September 08, 1989|KAREN NEWELL YOUNG | Karen Newell Young is a regular contributor to Orange County Life

Anne Pliska and her perfume are a lot alike. They're both assertive, feminine and pink.

On this particular day, the 30-year-old Santa Ana resident and creator of the pink-colored Anne Pliska fragrance collection is wearing a hot-pink blazer, hot-pink lipstick and hot-pink high heels as she scrambles madly to meet a production deadline.

But five years ago, when she decided to break into the fashion industry by launching a fragrance, she had no idea how to peddle her product or handle a deadline scramble.

"I literally went through the phone book and called a perfumer," she says from her Irvine industrial park headquarters. "I didn't know anything about the industry. Fortunately I had called a world-renowned company and the creator of (Calvin Klein's) Obsession, but I didn't know any of that at the time."

What she did know was that she wanted a classy scent that would be both extremely feminine and distinctive. So she decided to market a fragrance in her favorite color.

The company she chose to create the scent--Roure-Bertrand-Dupont, which has offices in France, New Jersey and Woodland Hills and has created such fragrances as Bijan, Sophia, Obsession and Poison--put together some samples that filled Pliska's request for a classic, feminine fragrance different from any other on the market.

After two years of smelling samples, Pliska chose the slightly Oriental fragrance of fruit and spice essences that she sells under her name (pronounced anay to rhyme with Renee) to Nordstrom, Harris' in San Bernardino, The Jones Store in Kansas City, Dayton Hudson in Detroit and other outlets across the country. (The Ritz-Carlton resort in Dana Point and Nordstrom stores are the only places to purchase the perfume in Orange County.)

As a girl growing up in Newport Beach, Pliska had long dreamed of becoming a fashion designer. But after a couple of years designing women's clothing and accessories, she found that she was just as poor and obscure as before she started.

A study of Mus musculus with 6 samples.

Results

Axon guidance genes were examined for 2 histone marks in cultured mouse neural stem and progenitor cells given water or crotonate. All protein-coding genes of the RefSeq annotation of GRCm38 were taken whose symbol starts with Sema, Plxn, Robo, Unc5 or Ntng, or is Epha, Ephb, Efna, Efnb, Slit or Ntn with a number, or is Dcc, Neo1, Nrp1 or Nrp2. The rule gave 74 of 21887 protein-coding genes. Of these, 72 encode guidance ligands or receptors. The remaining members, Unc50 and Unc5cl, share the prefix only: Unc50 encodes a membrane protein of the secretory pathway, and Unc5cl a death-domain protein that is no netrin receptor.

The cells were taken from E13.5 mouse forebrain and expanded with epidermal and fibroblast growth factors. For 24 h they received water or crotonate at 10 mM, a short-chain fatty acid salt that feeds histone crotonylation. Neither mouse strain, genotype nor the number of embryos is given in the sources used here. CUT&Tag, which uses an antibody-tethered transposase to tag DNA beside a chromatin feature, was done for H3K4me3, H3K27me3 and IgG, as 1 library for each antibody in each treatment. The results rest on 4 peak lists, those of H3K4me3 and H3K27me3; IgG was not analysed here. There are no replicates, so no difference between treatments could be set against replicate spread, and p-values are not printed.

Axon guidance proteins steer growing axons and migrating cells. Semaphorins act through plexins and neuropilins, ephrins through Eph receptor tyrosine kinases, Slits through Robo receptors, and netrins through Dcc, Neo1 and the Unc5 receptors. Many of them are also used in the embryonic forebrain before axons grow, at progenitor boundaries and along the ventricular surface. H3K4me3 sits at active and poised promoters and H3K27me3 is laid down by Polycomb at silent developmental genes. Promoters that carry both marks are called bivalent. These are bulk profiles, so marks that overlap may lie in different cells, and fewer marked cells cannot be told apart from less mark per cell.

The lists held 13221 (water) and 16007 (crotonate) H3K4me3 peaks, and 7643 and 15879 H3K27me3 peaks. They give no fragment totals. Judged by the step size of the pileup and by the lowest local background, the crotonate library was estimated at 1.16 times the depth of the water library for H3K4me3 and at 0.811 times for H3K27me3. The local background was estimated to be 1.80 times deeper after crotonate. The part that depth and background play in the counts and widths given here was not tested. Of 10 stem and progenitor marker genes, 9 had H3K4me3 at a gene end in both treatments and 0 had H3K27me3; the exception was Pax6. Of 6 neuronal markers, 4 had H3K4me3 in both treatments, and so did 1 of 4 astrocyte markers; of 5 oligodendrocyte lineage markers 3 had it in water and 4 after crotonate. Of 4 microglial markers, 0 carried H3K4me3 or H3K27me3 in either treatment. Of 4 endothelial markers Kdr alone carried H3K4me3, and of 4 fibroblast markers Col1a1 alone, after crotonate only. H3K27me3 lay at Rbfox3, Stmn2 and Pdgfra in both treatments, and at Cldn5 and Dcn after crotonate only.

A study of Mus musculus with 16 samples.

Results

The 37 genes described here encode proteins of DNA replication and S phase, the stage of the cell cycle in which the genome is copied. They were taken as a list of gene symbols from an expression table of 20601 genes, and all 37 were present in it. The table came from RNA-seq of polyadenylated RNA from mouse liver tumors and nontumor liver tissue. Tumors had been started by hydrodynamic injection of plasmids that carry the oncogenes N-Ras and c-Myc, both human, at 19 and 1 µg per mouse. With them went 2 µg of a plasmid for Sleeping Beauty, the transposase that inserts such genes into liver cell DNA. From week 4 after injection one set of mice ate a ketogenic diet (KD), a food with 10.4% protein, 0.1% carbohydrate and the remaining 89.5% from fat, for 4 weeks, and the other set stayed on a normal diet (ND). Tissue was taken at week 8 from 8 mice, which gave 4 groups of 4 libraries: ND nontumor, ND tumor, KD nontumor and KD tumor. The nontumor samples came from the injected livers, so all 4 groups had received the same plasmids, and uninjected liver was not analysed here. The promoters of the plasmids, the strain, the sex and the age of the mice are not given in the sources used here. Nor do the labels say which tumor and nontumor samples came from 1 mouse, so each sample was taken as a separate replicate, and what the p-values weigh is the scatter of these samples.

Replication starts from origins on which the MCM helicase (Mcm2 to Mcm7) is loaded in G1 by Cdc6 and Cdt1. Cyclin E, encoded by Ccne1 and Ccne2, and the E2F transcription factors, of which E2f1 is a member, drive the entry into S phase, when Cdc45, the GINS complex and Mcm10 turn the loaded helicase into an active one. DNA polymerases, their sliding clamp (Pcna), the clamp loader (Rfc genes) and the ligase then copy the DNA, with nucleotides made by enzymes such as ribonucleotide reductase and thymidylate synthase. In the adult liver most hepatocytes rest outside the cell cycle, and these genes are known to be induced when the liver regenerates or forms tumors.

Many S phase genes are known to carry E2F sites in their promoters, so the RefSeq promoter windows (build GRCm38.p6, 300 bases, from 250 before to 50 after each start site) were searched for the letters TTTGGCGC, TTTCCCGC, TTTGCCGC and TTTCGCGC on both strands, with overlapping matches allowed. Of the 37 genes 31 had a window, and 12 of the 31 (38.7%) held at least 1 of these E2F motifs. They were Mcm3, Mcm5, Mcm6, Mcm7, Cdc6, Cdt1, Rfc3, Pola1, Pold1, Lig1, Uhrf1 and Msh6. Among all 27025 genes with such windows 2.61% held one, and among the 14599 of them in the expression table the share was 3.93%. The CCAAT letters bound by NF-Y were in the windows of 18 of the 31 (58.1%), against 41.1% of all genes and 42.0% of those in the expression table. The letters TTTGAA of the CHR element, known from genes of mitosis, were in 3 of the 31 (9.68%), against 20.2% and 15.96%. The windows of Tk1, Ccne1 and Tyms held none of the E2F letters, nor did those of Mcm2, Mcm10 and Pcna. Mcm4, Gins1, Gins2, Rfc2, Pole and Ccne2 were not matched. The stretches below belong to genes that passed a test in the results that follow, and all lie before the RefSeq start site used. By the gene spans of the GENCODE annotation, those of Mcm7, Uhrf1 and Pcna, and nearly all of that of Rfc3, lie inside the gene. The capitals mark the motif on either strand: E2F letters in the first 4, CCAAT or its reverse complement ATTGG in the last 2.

"It didn't pay the bills," she says. "So I thought I should get a real job. I tried the corporate world and found . . . I was not corporate-minded. I realized I was not a political animal. After being fired from my last corporate job, I thought maybe I'd better go back to designing," she adds, her pink lips forming a huge smile.

But designing what?

"It was sort of like, where do you start eating the elephant? The fashion world is huge, and I wasn't sure where to start. But I thought with fragrance, that it would get me a name faster."

She was right. Once she launched the fragrance, large department stores began requesting huge orders. (The orders are filled in Irvine, after the scent mixture is sent from Roure-Bertrand-Dupont to other labs, where it is mixed with alcohol and made into gels, body lotion and other products.)

But it took nearly two years of product development before the perfume hit the market--settling on the scent, devising the marketing plan and designing the packaging. Choosing the fragrance, she says, took the most time.

Most perfumes and colognes are created by fragrance companies, which a designer or cosmetics firm contacts when ready to market a new product. Once a scent is created, the designer usually signs a contract with the fragrance company, which agrees to supply a certain amount of scent mixture for a certain price. The mixture, which is sold by the pound, is sent to labs where it is made into the products you see in the stores.

In Pliska's case, she has an exclusive contract with the Roure-Bertrand-Dupont company and its assurance that a similar scent will not be created for another designer. There are no copyrights or patents on fragrances, says Annette Green of the Fragrance Foundation in New York.

For any given scent, perhaps two dozen trial fragrances will be compiled by perfumers in a fragrance company's laboratories, explains Ron Benton, regional vice president of fragrance sales for Roure-Bertrand-Dupont, which, according to the Fragrance Foundation is among the world's top producers of fine scents.

Into these samples will go between 100 and 150 ingredients, elements that will be continuously fine-tuned until the final product is selected, he adds.

"It's like writing out a recipe," he says. "It might read 2% jasmine, or 3% sandalwood, and all the ingredients that go into a single perfume are compounded in the lab and presented to the customer."

The scent might take years to develop and more years to market. But despite the investment in time and resources, Benton says that the average life span for perfume is five years and that only a few survive to join the ranks of such classic scents as Chanel No. 5 (created in 1924) and White Shoulders (born in 1939).

Pliska is determined to nurture one of the survivors.

"I'm really striving to become a classic," she says. "I think quietly and surely, I'm developing a steady, loyal following. . . . I don't intend to be a mass-market fragrance fad."